Cubs Prospect Interview: Austin Kirk

Austin Kirk

Left-hander Austin Kirk is headed to short-season Class Low-A Boise to begin his 2010 season along with 25 other players from the Chicago Cubs' farm system. The 20-year-old Kirk, a third-round Cubs pick in the 2009 draft, has spent the past two months in Arizona stretching out his arm and ironing out his mechanics in extended spring training.

For the past several weeks, Kirk has been pitching on normal rest, building up his pitch count in the head-to-head schedule of extended spring training and averaging four innings or 60 pitches per start. InsideTheIvy.com recently caught up with Kirk and got his thoughts on the season ahead, what he's worked on in Arizona, and more.

Q: How excited are you to join the Boise team?

A: I'm really looking forward to it. I'm excited to play in front of some fans. Last year, I was up there for a week and a half near the end of the season and I had a lot of fun. I'm definitely looking forward to going back for a full season.

Q: When the Cubs made the decision to keep you in extended spring training instead of sending you to Peoria, what did they tell you their reasoning was?

A: They didn't really say much. I suspect it had a little to do with me being younger and they wanted to work with me a little more. It turned out to be a good thing because I improved a lot working with the pitching coaches here in Mesa that I don't think could have happened if I had been with a full-season squad.

Q: Were you initially hoping to be in Peoria by now and getting a chance to compete on a full-season roster, or did you expect you'd end up in Boise all along once you learned you'd be starting the year in extended?

A: I was always hoping to go up, but I couldn't really think about it too much because if you expect it and it doesn't happen, all that's going to happen is you're going to be disappointed. We learned to enjoy our time (in Mesa) and take it day by day. We're going to go to the field, work our hardest and show them that we're ready to go.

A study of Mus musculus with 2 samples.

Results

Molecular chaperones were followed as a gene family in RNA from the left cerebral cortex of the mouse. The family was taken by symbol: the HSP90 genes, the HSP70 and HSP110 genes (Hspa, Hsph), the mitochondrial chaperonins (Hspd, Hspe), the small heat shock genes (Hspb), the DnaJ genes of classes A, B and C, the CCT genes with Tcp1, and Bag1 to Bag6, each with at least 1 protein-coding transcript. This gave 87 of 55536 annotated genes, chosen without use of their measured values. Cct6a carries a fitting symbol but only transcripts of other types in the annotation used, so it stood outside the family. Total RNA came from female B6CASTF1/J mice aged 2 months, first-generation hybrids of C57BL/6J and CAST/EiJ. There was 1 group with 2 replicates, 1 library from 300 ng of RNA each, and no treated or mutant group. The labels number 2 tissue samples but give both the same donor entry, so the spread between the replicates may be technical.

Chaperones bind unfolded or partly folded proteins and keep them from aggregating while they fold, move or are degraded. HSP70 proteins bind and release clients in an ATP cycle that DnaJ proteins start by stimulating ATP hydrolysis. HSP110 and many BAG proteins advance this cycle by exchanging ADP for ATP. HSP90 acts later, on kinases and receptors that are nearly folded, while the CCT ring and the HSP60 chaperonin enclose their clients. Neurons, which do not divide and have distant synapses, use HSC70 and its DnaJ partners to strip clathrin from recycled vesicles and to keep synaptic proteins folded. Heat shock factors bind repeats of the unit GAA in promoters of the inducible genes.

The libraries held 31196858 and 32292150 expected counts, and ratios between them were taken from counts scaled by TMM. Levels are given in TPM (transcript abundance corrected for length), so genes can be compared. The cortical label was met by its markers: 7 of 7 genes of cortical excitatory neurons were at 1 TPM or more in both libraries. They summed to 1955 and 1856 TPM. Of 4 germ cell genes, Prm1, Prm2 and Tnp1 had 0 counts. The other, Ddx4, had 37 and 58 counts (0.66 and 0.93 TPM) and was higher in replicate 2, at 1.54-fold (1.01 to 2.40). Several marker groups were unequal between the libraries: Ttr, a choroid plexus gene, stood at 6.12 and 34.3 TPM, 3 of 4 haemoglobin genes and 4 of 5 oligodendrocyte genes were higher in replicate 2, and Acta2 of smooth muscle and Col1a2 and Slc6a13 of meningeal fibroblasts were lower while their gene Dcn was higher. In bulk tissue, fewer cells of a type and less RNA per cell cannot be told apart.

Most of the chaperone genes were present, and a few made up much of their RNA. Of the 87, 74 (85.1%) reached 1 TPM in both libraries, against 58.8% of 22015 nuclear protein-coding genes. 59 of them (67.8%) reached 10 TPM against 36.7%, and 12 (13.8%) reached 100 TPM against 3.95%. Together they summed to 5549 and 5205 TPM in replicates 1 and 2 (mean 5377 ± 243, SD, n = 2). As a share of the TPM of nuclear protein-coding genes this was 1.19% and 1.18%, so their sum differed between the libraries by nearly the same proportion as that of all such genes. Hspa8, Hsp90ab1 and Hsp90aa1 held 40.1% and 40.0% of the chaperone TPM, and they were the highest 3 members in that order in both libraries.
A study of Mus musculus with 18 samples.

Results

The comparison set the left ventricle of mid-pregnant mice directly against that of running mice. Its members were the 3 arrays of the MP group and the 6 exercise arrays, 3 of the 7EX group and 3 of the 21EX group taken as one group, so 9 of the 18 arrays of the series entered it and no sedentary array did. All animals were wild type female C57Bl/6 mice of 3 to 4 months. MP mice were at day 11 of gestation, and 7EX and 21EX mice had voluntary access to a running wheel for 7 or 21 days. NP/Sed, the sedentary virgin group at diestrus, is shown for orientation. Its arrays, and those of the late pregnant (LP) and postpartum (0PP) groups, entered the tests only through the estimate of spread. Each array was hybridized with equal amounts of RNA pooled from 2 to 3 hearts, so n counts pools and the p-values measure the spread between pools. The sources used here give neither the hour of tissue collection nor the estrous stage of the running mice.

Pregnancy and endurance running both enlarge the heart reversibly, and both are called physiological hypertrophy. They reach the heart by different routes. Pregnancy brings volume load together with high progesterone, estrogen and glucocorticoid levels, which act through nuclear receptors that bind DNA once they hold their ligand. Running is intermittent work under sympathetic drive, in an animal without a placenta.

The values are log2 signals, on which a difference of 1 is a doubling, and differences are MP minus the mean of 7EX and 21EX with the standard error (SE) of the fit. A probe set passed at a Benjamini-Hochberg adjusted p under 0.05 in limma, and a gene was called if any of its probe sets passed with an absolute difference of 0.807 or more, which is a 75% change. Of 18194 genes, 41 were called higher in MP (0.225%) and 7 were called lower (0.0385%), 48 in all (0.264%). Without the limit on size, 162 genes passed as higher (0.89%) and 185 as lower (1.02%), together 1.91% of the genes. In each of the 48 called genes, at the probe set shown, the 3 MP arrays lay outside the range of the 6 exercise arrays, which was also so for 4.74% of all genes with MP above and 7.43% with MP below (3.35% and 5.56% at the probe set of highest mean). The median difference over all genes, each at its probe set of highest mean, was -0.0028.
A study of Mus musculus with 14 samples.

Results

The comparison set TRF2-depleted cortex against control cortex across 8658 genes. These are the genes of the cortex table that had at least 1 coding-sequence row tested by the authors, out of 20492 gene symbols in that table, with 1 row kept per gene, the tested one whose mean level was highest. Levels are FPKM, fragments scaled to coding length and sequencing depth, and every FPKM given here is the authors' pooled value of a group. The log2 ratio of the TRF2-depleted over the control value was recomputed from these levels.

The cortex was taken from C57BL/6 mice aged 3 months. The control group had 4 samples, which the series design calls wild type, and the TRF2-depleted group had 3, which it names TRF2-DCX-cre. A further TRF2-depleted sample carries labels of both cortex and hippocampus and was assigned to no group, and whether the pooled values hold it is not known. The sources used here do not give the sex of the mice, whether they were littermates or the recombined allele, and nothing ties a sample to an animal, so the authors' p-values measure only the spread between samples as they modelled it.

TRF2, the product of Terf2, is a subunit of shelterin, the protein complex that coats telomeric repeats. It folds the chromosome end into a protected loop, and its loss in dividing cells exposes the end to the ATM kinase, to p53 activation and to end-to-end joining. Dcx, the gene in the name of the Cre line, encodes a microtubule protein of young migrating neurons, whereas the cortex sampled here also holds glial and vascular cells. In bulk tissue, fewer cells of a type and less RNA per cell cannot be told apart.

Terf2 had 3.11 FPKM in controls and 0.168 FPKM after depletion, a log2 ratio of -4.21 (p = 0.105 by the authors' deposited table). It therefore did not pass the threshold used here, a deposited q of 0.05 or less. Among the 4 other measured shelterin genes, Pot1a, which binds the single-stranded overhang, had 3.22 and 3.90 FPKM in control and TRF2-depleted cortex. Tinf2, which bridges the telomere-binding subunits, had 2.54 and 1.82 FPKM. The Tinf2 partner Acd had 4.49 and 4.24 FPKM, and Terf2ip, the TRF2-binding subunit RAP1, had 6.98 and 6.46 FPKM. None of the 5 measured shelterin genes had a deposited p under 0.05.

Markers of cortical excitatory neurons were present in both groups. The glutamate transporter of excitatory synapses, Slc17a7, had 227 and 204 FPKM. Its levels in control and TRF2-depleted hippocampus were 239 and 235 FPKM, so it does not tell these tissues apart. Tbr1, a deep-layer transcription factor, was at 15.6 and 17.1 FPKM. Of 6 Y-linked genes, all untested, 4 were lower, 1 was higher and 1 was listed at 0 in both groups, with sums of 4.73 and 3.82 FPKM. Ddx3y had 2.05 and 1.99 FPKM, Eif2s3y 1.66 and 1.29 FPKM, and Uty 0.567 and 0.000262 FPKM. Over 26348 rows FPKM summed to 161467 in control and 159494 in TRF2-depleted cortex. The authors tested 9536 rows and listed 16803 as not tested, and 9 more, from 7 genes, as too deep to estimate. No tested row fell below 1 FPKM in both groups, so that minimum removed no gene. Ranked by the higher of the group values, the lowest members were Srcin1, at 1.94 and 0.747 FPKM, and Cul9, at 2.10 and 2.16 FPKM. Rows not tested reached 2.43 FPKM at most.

Q: What are you working on with your pitches?

A: Right now, we've been working on just being able to pitch and command at least a secondary pitch and all three pitches. We're working on throwing strikes, especially with my fastball. We went through a phase where we weren't allowed to throw breaking balls except in certain counts when we were ahead so that we could learn how to get ahead with our fastballs. That helped out a lot from a pitching standpoint.

Q: Were you pleased with the starts you had (in extended)?

A: Whenever I was starting out, I was still working on some stuff that we saw in spring training that we wanted to correct. I've been feeling really good about how I've been pitching lately.

Q: When you say you had some things to correct, what would they be?

A: We noticed in some video that my arm swing … I wasn't able to get a full arm swing and it was actually causing a lot of problems. I wasn't staying back so I was kind of cutting my pitches off, which was taking velocity off and making me push the ball more than I was able to just throw it.

Q: You said last year that you just needed to show the Cubs why they drafted you. In what ways have you been able to do that?

A: I don't throw as hard as a lot of the other guys, but I think in the beginning I had quite a few strikeouts and stuff. I think that's what they drafted me for -- to go out and get outs and not walk a bunch of people. I feel like I've been doing a good job of that.

Q: How has the work gone toward improving your curveball? That was one of the things the organization really wanted you to focus on.

A: It's definitely gotten a lot better. I've been able to work on it a lot and I've learned a lot about it. I'm able to control it a lot more for strikes and not just on an 0-2 pitch where it's not really a strike and you just hope they swing. I've been able to throw it over the plate a lot more, which is getting me a lot more strikeouts.